Let’s be honest, not many people like the taste of kimchi. However, Koreans who are brought up eating it, not only like it, but consider it their national dish!
When I am in Seoul and the surrounding areas, I am always on the look out for some tasty street food to satisfy my cravings. As long as there’s no kimchi in sight, I will gladly try anything (well, most things)! There are so many snacks or street foods from Korea that I could include in this list (no place for ice cream corn cones or even potato hot dogs, I’m afraid!) but I am limited to just five this time. So, without further ado, my top 5 snacks that are tastier than kimchi are as follows, counting up from 5-1:
5. Hotteok is a filled pancake that was brought to Korea by the Chinese in the 19th century. The Hotteok begins in the shape of a stuffed ball and is filled by anything sweet, such as jam, honey, or cinnamon. Once filled, the ball is flattened in a girdle to create the shape of the pancake. Hotteok is a very popular street food snack all over South Korea.
4. Mandu is the Korean steamed dumpling. Very similar to a Chinese baozi or a Japanese gyoza, mandu can be made in many varieties, such as steamed mandu, boiled mandu, or grilled mandu, and can be filled with anything from seafood to meat (though no kimchi here, thank you!).
3. The Bungeoppang is simply a delectable snack that is found in grocery stores all over South Korea. In essence, the bungeoppang is a breaded snack that can contain many different fillings. It bears a similarity to taiyaki in Japanese cuisine, but instead of being filled with azuki bean paste or even custard like taiyaki, the bungeoppang I’m talking about, that you can buy frozen in the grocery stores, are literally full of flavoursome ice cream, which is a great way to cool down in the searing Korean summer.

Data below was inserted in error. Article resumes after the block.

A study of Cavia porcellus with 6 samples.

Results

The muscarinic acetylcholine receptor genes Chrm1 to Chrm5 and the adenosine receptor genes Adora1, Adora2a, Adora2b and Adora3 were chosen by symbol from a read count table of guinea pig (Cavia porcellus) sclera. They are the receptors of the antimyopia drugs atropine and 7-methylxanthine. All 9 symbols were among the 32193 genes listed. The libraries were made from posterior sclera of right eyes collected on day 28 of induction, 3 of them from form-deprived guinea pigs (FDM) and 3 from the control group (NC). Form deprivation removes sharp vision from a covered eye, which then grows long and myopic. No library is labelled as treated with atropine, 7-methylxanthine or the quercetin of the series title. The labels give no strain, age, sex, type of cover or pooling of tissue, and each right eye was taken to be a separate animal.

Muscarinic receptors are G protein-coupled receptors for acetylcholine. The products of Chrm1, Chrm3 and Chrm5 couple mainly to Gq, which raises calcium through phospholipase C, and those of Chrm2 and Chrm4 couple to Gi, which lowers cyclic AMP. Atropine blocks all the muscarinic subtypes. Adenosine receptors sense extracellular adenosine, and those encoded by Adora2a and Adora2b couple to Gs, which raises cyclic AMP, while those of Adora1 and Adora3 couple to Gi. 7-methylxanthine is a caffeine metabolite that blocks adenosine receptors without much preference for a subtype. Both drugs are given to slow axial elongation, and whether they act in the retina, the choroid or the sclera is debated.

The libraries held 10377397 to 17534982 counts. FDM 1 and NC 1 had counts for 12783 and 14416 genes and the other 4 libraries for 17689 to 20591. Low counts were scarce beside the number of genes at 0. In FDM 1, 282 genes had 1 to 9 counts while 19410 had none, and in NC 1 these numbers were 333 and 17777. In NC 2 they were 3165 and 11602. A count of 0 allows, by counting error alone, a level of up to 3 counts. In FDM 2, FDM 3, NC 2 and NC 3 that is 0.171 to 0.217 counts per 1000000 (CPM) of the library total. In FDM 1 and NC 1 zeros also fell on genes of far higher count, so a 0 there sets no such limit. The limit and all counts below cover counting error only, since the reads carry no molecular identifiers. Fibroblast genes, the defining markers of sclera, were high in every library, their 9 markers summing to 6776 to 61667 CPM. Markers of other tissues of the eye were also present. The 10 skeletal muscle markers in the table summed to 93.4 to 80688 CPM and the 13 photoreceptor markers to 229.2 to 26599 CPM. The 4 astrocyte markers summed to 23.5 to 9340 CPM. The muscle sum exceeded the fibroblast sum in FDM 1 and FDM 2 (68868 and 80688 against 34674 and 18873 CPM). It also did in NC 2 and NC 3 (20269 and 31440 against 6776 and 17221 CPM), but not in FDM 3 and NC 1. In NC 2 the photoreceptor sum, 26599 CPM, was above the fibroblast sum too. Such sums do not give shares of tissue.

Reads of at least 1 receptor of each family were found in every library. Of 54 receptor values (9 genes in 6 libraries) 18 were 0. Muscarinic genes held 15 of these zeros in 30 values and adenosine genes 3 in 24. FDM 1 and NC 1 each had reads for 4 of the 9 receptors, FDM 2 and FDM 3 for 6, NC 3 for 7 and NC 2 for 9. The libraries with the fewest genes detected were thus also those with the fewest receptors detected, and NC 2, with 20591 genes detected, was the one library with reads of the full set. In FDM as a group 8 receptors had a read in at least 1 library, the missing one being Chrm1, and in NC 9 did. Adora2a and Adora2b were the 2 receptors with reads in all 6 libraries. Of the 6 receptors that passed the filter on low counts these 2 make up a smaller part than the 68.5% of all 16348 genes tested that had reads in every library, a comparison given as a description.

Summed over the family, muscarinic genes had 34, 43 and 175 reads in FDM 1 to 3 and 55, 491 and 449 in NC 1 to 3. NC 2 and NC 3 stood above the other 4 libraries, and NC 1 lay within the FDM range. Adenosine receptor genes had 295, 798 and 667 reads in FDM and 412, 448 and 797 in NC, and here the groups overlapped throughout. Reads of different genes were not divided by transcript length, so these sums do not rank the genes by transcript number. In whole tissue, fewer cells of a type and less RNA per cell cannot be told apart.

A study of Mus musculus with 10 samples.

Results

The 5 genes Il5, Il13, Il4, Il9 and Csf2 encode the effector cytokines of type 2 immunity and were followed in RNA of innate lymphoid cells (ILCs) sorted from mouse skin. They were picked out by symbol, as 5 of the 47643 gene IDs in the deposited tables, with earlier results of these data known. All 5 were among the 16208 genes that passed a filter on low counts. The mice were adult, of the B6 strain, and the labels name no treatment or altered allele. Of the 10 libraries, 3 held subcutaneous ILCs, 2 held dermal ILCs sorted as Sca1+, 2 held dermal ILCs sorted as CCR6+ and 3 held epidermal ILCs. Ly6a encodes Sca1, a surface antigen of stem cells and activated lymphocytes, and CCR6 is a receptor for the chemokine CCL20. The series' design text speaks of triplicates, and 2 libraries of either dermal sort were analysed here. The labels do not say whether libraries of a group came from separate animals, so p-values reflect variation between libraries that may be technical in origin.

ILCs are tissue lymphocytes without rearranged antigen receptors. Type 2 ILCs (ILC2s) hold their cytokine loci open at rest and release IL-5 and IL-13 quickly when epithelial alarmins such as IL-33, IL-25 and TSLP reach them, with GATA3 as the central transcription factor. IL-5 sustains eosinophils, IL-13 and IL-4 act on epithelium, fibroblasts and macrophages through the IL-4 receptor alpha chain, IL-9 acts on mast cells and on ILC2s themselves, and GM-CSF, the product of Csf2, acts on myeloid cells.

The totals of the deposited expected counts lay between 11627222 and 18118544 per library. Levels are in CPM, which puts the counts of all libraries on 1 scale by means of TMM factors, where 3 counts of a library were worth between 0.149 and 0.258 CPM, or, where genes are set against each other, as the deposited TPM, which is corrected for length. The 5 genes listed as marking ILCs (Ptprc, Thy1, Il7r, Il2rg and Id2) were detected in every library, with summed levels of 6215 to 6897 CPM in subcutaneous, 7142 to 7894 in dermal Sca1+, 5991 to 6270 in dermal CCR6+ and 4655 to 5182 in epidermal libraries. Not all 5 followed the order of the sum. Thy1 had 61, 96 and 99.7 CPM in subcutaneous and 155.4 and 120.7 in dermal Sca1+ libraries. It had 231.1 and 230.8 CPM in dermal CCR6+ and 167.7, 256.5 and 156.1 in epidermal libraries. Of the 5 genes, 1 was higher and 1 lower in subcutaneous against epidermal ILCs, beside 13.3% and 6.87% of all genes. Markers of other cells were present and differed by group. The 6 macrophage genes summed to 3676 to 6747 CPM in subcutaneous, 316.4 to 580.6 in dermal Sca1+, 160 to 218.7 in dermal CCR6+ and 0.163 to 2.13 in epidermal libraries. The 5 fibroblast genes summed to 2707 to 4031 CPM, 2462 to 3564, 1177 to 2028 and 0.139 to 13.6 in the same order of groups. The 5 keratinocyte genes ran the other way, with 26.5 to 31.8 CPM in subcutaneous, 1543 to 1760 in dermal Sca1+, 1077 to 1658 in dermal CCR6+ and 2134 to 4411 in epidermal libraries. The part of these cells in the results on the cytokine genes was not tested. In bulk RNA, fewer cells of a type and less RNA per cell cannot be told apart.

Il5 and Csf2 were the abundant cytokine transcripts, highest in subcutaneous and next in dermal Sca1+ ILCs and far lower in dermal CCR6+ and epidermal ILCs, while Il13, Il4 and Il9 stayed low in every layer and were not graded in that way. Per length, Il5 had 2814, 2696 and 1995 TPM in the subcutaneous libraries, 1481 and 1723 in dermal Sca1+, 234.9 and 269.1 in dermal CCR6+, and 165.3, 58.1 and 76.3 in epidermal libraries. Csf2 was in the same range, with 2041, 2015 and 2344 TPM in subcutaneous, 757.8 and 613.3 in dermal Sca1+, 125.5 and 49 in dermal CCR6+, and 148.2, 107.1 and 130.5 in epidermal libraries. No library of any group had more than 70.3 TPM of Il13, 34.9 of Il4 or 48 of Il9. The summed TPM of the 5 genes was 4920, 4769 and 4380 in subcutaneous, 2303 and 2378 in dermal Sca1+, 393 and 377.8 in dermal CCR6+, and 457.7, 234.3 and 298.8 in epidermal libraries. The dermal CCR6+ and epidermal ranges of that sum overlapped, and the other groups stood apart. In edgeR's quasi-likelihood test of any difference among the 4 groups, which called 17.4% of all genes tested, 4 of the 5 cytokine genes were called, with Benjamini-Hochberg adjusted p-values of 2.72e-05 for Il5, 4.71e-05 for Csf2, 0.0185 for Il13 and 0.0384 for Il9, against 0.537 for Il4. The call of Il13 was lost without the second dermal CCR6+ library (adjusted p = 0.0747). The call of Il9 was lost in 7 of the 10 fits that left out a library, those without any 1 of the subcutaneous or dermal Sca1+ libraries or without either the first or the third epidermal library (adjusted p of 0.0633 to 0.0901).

2. Tteokbokki is the immensely popular spicy rice cake, and made of spring onion, garlic, soy sauce, and even diced sausage. These can be eaten as a starter to a main meal, or just as a quick snack. They are also very popular in the streets of Seoul from pojangmacha stalls. Tteokbokki was also once part of Korean Royal Court Cuisine.
1. Kimbap is my number one choice of Korean snack. Why have kimchi or anything covered with the stuff (like cucumbers) when you could just buy or make a roll of kimbap and fill it with your preferred delicacy? Kimbap is a rice based snack rolled in nori (seaweed) and you can have meat or veg as the filling inside. It’s a very tasty snack, pretty unique to Korea (although it’s very like sushi rolls admittedly), and can be eaten at pretty much any time of the day or night!
I have included many more street food snacks in my Korean Foodporn article. Buy, hey, anything’s gotta be better than kimchi, right?!